Octavia turned up the flame in the gas lantern mounted on the wall of the subterranean workshop. There was barely enough light to see, but she couldn’t risk bringing her work upstairs. If the guild realized what she was attempting to do, they’d stop her. And she couldn’t let that happen–not when she was so close.
Sliding her goggles over her eyes, she turned on her headlamp then wiped her greasy hands on her oilcloth apron. The last thing she needed to do was drop the soldering iron and bust it before she had a chance to use it. Activating the tiny hydraulic arm that swung the magnifying glass back and forth, she moved it out of her way so she could focus on securing it to the base, careful not to let the solder bead up and run onto his skin. Jules was already injured so badly, she didn’t want to make it worse by burning him with molten metal.
It was possible he wouldn’t feel anything no matter what she did. Sudden tears clogged her throat, but she swallowed hard, forcing them away and focused on her repairs.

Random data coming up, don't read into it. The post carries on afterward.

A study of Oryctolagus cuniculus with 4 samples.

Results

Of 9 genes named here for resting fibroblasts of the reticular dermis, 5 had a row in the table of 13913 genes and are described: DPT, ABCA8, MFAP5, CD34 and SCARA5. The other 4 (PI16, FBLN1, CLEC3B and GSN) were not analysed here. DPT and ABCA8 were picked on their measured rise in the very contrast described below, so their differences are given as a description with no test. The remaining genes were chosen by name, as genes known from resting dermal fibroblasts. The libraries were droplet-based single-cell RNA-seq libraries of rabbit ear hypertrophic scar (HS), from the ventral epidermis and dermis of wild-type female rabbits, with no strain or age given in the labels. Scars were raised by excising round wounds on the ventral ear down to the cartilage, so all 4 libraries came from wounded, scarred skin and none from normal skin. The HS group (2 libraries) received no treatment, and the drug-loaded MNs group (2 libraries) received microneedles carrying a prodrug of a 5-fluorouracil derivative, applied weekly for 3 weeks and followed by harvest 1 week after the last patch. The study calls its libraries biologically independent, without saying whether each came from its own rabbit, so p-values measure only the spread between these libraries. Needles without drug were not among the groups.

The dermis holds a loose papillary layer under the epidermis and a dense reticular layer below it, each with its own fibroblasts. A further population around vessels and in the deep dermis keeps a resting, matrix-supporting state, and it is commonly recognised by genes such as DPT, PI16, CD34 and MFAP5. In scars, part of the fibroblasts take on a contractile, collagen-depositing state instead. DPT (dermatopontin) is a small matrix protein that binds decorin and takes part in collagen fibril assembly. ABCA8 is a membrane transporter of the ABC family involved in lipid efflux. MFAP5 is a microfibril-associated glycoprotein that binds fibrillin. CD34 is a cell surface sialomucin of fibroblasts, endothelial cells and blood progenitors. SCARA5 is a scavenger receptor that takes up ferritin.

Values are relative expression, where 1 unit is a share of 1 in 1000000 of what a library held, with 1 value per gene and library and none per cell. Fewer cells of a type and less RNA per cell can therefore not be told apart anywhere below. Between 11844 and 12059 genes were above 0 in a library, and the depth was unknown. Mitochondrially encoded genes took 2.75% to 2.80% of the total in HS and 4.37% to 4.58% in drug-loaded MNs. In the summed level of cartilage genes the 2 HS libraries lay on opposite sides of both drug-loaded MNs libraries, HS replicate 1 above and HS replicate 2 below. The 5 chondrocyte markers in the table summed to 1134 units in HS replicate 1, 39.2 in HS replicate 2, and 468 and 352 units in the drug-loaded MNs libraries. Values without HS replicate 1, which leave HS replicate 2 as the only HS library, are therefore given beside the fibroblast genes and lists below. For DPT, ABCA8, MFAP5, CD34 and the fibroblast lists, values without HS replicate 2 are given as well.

Once his favorite accessory was secure–he’d be furious if he woke up and couldn’t use it–she gently pushed his hair from his face, exposing the tiny gears that now worked to open and close his left eye. Swapping out the soldering iron for a set of miniature screwdrivers, she made infinitesimal tension adjustments to the the roller chain around the helical cogwheels, until they spun without sticking.
The sound of metal hitting stone echoed above her, and she startled, dropping the screwdriver. It rolled under the workbench Jules sat motionless on.
“Octavia!” he father roared.
She glanced toward the tiny window set high in the heavy wood door. Lights bobbed as her father and several other guild members descended the steep stairwell. She was out of time. Dropping to her knees, she quickly turned the large clock key that protruded from Jules’ chest. It took both hands and all of her strength to fully wind it.
Fists pounded against the aged wood, almost drowning out the sound of the clockwork heart ticking to life. Jules slowly lifted his head, and her hands fell away from him as she sat back on her heels. Lifting his hand, he adjusted the magnifying glass and peered around the room, his left eye opening and closing perfectly.
Tracking the sound of her voice, he turned toward her and stared, slowly blinking. There was no recognition. He saw her, but there was nothing there. Nothing left of her Jules.